In parliament on Tuesday (17 March), ACT President the Rt Hon David Blunkett MP led an event to share the latest findings from a 12 year research study into the impact of Citizenship Education.
The Citizenship Education Longitudinal Study (CELS) project began when David Blunkett was Secretary of State for Education and was intended to measure and evaluate the impact of the subject of citizenship that he introduced into the National Curriculum in 2002. Citizenship remains a statutory National Curriculum and GCSE subject in secondary schools today.
The latest research findings draw on the first cohort of young people who experienced citizenship education in secondary schools in 2003. The young people are now aged 22-23 years old and have been interviewed on six occassions between 2003 and 2014. The findings show:
Citizenship Education boosts political engagement and young people who have experienced good citizenship education in and beyond school have more postive attitudes towards voting and other political activities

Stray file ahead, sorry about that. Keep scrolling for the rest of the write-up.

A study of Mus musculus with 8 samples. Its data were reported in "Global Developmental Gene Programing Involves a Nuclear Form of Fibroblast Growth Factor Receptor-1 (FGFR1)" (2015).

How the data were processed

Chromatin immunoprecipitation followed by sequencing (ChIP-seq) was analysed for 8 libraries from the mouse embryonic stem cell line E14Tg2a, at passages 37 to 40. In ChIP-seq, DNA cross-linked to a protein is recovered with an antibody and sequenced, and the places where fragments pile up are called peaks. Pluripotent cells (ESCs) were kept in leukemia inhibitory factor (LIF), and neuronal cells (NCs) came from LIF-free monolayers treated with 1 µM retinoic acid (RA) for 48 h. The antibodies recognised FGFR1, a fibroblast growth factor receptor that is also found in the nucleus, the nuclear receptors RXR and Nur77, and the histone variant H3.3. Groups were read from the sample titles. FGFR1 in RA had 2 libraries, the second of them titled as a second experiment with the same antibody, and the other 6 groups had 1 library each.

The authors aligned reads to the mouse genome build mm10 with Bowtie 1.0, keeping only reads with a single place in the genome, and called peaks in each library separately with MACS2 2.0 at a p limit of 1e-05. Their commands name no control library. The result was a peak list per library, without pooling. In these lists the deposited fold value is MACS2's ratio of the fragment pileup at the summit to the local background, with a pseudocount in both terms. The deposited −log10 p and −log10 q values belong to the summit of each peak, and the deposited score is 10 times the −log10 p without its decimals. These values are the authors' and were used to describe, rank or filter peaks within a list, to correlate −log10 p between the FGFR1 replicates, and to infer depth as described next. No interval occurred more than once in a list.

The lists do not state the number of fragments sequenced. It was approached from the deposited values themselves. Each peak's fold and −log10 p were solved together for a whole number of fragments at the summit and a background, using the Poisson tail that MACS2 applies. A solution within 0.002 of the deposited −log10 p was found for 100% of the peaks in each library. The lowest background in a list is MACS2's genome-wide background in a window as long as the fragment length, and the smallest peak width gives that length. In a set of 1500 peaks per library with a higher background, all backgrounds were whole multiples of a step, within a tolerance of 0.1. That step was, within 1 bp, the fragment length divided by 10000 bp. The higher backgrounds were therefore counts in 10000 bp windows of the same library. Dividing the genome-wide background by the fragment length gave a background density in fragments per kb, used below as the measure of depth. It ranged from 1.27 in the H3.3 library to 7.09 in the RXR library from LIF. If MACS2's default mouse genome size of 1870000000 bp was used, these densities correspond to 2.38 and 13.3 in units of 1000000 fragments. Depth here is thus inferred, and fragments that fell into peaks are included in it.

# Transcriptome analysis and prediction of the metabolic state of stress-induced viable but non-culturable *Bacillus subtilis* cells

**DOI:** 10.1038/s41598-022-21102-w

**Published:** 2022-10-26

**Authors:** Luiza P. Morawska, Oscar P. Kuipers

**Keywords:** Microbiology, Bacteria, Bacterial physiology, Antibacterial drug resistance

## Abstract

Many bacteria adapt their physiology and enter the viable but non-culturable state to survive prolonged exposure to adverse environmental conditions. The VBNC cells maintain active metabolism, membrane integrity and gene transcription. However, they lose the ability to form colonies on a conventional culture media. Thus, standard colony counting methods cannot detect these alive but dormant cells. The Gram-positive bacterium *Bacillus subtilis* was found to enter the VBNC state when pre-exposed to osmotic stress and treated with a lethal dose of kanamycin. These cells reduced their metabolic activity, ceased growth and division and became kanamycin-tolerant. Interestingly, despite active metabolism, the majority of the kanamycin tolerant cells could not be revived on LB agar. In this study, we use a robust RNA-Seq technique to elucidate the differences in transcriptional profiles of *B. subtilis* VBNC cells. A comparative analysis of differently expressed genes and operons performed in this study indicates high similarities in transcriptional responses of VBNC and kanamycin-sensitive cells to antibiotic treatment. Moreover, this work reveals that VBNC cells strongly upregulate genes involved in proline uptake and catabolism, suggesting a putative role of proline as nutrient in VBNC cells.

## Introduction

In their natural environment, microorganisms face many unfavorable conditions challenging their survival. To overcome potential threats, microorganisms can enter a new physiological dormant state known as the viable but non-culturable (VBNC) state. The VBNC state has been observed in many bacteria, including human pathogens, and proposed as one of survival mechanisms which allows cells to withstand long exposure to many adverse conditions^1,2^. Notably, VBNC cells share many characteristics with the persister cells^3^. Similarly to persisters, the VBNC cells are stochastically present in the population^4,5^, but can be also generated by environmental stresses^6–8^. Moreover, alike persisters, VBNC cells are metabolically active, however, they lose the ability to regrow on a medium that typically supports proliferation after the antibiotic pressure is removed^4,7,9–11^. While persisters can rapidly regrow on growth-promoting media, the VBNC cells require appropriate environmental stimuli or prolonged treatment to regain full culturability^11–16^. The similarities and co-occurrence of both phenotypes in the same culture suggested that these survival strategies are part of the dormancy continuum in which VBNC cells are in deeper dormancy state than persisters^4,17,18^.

Voting remains the most frequently reported political activity with 50% of young adults surveyed saying they are ‘very likely’ to vote in May and a further 25% saying they are ‘fairly likely’ to do so
Young people get more interested in politics and voting as they progress through teenage years to adulthood particularly between the ages of 16 and 20 highlighting the need to strengthen post 16 citizenship education.
A panel of experts including Dr Avril Keating of the Llakes Research Centre, David Kerr former Research Director of the CELS project at the NFER and Associate Director of Citizenship Foundation, Mike Sani from Bite the Ballot and Professor Andy Green, Direct of the Llakes Research Centre joined David Blunkett for a lively discussion about the findings in a packed room at parliament.